Published online Jul 7, 2019. doi: 10.3748/wjg.v25.i25.3196
Peer-review started: February 23, 2019
First decision: April 4, 2019
Revised: May 14, 2019
Accepted: May 31, 2019
Article in press: June 1, 2019
Published online: July 7, 2019
Colorectal cancer (CRC) is the third most common malignancy of the digestive tract and the fifth leading cause of cancer-related mortality in China. Sporamin, a Kunitz-type trypsin inhibitor isolated from sweet potato, is a potential anti-cancer agent with activities against a number of malignant tumor cells in vitro. The liver secretes a myriad of endocrine factors that may facilitate the growth and transformation of tumors in the development of CRC.
To investigate the effects of sporamin on liver morphology and biomarkers of xenografted CRC in the liver of athymic BALB/c mice.
Twenty-seven male BALB/c nude mice were randomly divided into control, vehicle, and sporamin groups. Mice in the latter two groups were intraperitoneally xenografted with LoVo colorectal carcinoma cells and intragastrically infused with saline or sporamin (0.5 g/kg body weight/d), respectively, for 3 wk. Hematoxylin and eosin (HE) staining of the sections was performed to observe morphological changes in hepatic tissue and real-time fluorescent quantitative PCR (qPCR) and enzyme-linked immunosorbent assay (ELISA) were used to measure the expression of β-catenin and vascular endothelial growth factor (VEGF) in the liver.
Sporamin significantly reduced the number and weight of tumor nodules formed in the abdominal cavity. Compared with the vehicle group, the mean tumor weight (± SD) in the sporamin group was significantly reduced (0.44 ± 0.10 g vs 0.26 ± 0.15 g) and the total number of tumors decreased from 93 to 55. HE staining showed that enlargement of the nucleus and synthesis of proteins within hepatocytes, as well as infiltration of inflammatory cells into the liver, were attenuated by sporamin. Immunohistochemical staining and ELISA showed that the concentrations of β-catenin and VEGF in the liver were significantly reduced by sporamin. Compared with the vehicle group, the expression of β-catenin measured in integrated optical density units per area was reduced in the sporamin group (47.29 ± 9.10 vs 26.14 ± 1.72; P = 0.003). Expression of VEGF was also reduced after sporamin intervention from 20.78 ± 2.06 in the vehicle group to 15.80 ± 1.09 in the sporamin group (P = 0.021). Compared with the vehicle group, the concentration of β-catenin decreased from 134.42 ± 22.04 pg/mL to 109.07 ± 9.65 pg/mL after sporamin intervention (P = 0.00002). qPCR indicated that compared to the vehicle group, relative mRNA expression of β-catenin and VEGF in the liver of mice in the sporamin-treated group was significantly reduced to 71% ± 1% (P = 0.000001) and 23% ± 7% (P = 0.00002), respectively, of the vehicle group levels.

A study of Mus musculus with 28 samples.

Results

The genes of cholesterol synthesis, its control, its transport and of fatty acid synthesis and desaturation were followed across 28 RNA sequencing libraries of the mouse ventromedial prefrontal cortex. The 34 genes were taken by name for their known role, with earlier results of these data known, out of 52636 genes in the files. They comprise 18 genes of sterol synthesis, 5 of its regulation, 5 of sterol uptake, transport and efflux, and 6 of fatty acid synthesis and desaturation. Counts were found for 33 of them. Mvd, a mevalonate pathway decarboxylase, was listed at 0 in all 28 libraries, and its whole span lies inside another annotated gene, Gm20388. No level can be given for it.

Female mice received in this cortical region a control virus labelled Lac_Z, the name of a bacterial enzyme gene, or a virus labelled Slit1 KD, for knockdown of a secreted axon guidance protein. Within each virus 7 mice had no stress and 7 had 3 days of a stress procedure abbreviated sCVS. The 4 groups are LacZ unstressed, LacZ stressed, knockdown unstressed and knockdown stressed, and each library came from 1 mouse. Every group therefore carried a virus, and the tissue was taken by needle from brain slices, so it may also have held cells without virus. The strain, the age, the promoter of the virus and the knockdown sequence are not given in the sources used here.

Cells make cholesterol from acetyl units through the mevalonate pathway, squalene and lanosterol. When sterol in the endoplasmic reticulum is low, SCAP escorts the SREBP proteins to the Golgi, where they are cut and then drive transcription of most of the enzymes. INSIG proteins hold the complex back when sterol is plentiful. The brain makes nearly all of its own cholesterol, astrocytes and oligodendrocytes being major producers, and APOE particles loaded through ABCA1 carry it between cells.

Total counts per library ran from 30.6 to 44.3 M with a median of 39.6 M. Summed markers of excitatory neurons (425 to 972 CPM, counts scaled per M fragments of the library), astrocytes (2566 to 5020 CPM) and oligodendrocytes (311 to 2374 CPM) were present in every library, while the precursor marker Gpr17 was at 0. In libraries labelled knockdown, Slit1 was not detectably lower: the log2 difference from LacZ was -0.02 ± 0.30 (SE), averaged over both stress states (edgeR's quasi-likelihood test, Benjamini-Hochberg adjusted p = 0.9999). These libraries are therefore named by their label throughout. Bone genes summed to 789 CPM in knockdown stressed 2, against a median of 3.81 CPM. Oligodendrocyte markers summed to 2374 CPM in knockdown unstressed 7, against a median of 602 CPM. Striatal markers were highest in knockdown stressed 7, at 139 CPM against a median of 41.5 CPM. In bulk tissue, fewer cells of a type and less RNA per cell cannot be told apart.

Sporamin down-regulates the expression and secretion of β-catenin and VEGF in the liver, which subsequently inhibits the transcription of downstream genes involved in cancer progression and angiogenesis.
Core tip: Sporamin, a Kunitz-type trypsin inhibitor, restrains the growth of intraperitoneally xenografted LoVo [also known as colorectal cancer (CRC) cells] in athymic BALB/c mice. The mechanism determined by changes in morphology and tumor biomarkers in the liver involves sporamin-induced down-regulation of β-catenin secretion and vascular endothelial growth factor expression. This suppresses the formation of xenografted tumor nodules in vivo and subsequently inhibits the transcription of downstream genes involved in cancer progression and angiogenesis. The anti-cancer effects of sporamin against CRC are closely associated with its inhibitory effect on these tumor biomarkers. Further studies are warranted to elucidate the corresponding signal transduction events that mediate this process.